Pro-Morsi protesters victimising themselves: Egypt presidency

Following Saturday's bloody clashes between police and Morsi supporters, political affairs aide says Egyptian state 'will not stand silent in face of terrorism'

Nada Hussein Rashwan, Sunday 28 Jul 2013
Mostafa Hegazi
Presidential aide for political affairs Mostafa Hegazi
Views: 3172
Views: 3172

Presidential aide for political affairs Mostafa Hegazi has accused the Islamist supporters of deposed president Mohamed Morsi of intentionally victimising themselves in order to gain a negotiation advantage.  Hegazi's accusation comes one day after the killing of at least 72 pro-Morsi protesters following clashes between police and Morsi supporters in Cairo's Nasr City.

"The Egyptian state will never accept the shedding of Egyptian blood, regardless of political affiliations, but it also will not stand silent in the face of blackmail and terrorism of its citizens," Hegazi said in a press conference on Sunday evening. "The law will be applied firmly and intently," he added.

Several human rights organisations and political figures have decried the excessive force used by police against Morsi supporters during early Saturday's clashes.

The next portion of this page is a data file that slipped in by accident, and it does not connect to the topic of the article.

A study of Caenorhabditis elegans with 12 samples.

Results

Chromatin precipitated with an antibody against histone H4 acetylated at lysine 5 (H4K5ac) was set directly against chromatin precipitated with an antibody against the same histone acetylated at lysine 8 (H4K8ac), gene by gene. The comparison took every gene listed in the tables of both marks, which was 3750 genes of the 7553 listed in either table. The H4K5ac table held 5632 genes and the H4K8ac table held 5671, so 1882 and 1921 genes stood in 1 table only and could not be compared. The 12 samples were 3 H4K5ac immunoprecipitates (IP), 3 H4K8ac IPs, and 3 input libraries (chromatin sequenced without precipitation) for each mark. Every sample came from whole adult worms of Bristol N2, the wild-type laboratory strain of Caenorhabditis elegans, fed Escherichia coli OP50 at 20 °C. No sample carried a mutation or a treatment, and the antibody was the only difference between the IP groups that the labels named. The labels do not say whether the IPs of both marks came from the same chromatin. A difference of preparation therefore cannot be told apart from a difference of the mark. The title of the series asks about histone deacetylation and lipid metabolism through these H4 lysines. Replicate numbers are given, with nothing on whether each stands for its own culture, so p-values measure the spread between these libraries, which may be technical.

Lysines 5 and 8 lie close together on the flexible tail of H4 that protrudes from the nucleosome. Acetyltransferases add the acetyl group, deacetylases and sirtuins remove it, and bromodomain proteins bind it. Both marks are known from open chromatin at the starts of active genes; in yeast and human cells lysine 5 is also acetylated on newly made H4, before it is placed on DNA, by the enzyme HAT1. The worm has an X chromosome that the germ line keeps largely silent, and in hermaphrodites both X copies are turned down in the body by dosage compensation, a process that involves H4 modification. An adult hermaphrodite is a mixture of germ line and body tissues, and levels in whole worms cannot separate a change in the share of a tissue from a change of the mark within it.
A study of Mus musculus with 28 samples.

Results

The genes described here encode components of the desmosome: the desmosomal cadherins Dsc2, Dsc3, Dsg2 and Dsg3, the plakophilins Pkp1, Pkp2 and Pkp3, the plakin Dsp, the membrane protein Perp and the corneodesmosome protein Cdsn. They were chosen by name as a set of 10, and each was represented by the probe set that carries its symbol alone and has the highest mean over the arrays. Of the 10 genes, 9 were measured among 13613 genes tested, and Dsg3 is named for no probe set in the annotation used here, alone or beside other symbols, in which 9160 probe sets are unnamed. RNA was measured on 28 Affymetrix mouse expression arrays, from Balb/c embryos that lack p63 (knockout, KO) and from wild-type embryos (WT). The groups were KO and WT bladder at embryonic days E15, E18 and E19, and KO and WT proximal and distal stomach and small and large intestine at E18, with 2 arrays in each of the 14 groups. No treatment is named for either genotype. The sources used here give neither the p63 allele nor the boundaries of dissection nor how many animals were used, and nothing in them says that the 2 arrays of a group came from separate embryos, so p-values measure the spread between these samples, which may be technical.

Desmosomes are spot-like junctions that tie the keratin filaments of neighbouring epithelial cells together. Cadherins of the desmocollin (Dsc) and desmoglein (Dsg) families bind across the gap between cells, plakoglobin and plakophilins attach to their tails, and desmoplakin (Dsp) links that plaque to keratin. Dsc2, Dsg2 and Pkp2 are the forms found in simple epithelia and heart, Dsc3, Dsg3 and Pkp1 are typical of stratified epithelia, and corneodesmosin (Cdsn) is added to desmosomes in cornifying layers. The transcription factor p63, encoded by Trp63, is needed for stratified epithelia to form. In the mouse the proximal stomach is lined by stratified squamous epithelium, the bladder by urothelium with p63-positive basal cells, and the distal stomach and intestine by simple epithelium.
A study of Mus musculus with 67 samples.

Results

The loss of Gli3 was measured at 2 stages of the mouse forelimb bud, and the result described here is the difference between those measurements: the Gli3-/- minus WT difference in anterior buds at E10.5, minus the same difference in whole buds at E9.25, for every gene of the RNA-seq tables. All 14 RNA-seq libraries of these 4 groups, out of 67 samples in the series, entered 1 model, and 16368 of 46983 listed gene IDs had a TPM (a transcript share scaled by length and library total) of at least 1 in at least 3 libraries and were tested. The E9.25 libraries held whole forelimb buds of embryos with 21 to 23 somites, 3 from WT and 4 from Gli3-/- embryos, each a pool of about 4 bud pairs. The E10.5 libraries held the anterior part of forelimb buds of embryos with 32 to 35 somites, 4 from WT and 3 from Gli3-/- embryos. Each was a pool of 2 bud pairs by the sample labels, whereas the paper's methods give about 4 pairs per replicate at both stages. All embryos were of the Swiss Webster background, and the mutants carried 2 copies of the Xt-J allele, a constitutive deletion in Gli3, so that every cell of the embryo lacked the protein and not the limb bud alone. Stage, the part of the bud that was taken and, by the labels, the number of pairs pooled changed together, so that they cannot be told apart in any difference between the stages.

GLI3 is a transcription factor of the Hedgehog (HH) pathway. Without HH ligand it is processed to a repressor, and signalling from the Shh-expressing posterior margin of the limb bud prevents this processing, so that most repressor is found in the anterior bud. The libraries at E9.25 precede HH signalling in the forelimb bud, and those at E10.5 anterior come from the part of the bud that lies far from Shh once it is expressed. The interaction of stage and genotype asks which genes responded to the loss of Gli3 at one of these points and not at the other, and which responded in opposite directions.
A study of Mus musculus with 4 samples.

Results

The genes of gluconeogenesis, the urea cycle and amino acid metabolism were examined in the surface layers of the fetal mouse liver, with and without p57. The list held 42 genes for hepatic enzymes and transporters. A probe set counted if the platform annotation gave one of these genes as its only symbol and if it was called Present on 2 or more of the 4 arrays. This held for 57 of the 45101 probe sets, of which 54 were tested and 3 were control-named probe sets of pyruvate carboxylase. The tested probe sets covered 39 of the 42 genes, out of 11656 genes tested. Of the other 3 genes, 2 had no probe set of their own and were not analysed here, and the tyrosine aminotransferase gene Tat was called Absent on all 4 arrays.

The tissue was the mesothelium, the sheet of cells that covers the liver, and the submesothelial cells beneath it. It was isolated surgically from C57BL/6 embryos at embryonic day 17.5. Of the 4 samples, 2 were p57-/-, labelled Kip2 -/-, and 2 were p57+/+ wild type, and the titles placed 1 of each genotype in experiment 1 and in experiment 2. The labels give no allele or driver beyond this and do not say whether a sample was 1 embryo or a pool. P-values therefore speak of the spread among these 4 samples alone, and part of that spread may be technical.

Hegazi added that the assaults on security units in Sinai's border region, as well as those against Morsi opponents, are organised attacks.

"It is not an exaggeration to say that what is going on now is a war of terrorism against [Egyptian] society. No political disagreement can be solved with violence," Hegazi said.

Hegazi went on to affirm that the post-Morsi political roadmap – enforced by the army following its popularly-backed removal of the former president on 3 July – will not be hindered.

Supporters of former president Morsi have staged regular demonstrations across Egyptian cities following the president's ouster. Many of these protests have developed into deadly clashes with police or unknown assailants.

Morsi supporters have also maintained a sit-in at Nasr City's Rabaa Al-Adawiya mosque since 28 June. The Muslim Brotherhood, the group from which Morsi hails, has stated that it will not negotiate until Morsi is reinstated as president.